Scofield and Swallow’s Musical Journey Continues on ‘Swallow Tales’

My first encounter with guitarist John Scofield came forty years ago as a young bassist looking for work by Steve Swallow and finding a new release by a trio led by Scofield called ‘Shinola.’ I was thrilled by Swallow’s playing, but also instantly fell in love with Scofield’s jagged, angular lines, and innovative fretboard shapes.

Throughout the years, the two have collaborated on more than a half dozen of Scofield’s albums, a couple of Swallows and numerous other projects. With ‘Swallow Tales,’ the two join up once again, this time playing all Steve Swallow compositions – and the results are some of the best either have produced in years!


Listening to the Album:

‘Swallow Tales’ consists of 9 tracks, which are described as some of Swallows best-loved and least played compositions. Across those songs, there is a great depth and variety of experiences, so much so that I spent quite a while debating with myself which song to have as my ‘quick hit’ featured song.

The bottom line is that I really love this album, and there are several reasons why — some that are about the songs, some about the artists, and every bit of it is about the interplay.

The album is ultimately a story connecting three musicians who have played together for decades and shows off their ability to interpret a wide variety of music and add something new to songs they’ve played thousands of times.

Bill Stewart has also been playing with Scofield for decades, and his deft timekeeping and intensity constantly adds to the conversation. He has always impressed me as someone who never appears at the center of the music, but everything he does is essential, and as a result, you can easily overlook just how great he is as a drummer.

I remember in an early interview with Scofield, he was asked about how he charted bass parts specifically regarding Steve Swallow. Scofield said he couldn’t begin to write bass parts that begin to describe the chords and harmony of a composition nearly as well as what Swallow does naturally. And that has always been true, and you can hear it happen again and again on this album. Listening to ‘Awful Coffee,’ you hear something common — Swallow is playing a walking line, but he is playing a counter harmony to what Scofield is improvising, and simultaneously playing counter-rhythms with Stewart, and never letting go of the chord progression. His tone is clear and pristine, and his chops have not diminished even as he prepares to turn 80 years old later this year.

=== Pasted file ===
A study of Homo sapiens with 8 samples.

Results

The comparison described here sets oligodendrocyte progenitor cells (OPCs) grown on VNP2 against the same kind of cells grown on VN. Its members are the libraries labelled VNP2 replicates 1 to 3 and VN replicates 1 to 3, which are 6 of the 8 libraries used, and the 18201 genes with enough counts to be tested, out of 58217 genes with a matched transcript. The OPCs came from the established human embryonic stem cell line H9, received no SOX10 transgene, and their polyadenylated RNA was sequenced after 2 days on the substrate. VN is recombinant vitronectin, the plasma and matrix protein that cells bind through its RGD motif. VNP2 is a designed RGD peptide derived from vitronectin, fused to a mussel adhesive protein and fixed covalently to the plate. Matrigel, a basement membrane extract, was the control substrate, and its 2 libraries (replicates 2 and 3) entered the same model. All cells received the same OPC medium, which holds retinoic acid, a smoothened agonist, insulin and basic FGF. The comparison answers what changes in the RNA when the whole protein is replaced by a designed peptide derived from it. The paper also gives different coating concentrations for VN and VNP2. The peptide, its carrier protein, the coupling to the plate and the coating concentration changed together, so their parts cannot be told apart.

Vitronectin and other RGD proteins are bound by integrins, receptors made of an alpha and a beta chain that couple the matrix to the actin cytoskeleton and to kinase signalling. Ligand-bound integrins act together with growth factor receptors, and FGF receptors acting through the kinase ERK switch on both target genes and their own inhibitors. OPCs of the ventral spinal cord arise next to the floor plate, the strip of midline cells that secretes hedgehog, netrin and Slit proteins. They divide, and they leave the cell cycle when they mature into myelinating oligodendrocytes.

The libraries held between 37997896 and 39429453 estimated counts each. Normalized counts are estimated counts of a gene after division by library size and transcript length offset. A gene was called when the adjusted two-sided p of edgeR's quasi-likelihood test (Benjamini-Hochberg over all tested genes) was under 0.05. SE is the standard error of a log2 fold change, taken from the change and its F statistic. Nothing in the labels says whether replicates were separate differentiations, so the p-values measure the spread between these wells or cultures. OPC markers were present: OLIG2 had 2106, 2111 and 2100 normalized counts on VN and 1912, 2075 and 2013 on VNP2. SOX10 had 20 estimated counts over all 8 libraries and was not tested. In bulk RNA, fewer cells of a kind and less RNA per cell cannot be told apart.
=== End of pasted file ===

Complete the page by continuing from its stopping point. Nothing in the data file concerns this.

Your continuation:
Listening to ‘Swallow Tales’ in general and songs like ‘Eiderdown’ or ‘Portsmouth Figurations’ in specific, I am reminded why I fell in love with John Scofield’s guitar playing the first time I heard ‘Shinola’ forty years ago. He is daring, innovative, risk-taking, all while being very melodic and never letting his instantly recognizable turn into a cliche or set of rote riffing that happens so much in rock and fusion guitar.

I have honestly felt that Scofield’s albums since Uberjam Deux in 2013 have been ‘solid,’ but not up to the level of his earlier work. And honestly, I was okay with that – Scofield has had a career of innovation and prolific releases across the realms of jazz, including some of my all-time favorite recordings, so if he decided as he approached 70 to dial it back a bit I would understand. But ‘Swallow Tales’ shows me that his restless innovative spirit has yet to be quelled. And I am totally here for it – ‘Swallow Tales’ is one of the best albums I have heard the last few years, and I just can’t get enough!

‘Quick Hit’ Song: “Portsmouth Figurations” – there are so many great songs that it is hard to choose, but I kept coming back to the searing intensity of this song. It is a composition I already loved from Gary Burton’s 1967 album ‘Duster’ (an all-time fave), but I love the fresh intensity the trio delivers here.

Suggested audience: This is straight-ahead swinging jazz with a modern edge. It is interesting and not meant to sit in the background, but it has never driven my family away! If you are a fan of great guitar and bass work or excellent jazz in general, you are sure to love this!

Swallow Tales is available for $15.99 at Amazon [affiliate link].

Source: Personal purchase

What I Like: Solid songs: Great playing; Excellent interplay; Well-engineered and produced; The album is nearly an hour-long!

What Needs Improvement: Nothing!

Here is the trio playing ‘Everything I Love’ from 2010:


Michael Anderson
I have loved technology for as long as I can remember - and have been a computer gamer since the PDP-10! Mobile Technology has played a major role in my life - I have used an electronic companion since the HP95LX more than 20 years ago, and have been a 'Laptop First' person since my Compaq LTE Lite 3/20 and Powerbook 170 back in 1991! As an avid gamer and gadget-junkie I was constantly asked for my opinions on new technology, which led to writing small blurbs ... and eventually becoming a reviewer many years ago. My family is my biggest priority in life, and they alternate between loving and tolerating my gaming and gadget hobbies ... but ultimately benefits from the addition of technology to our lives!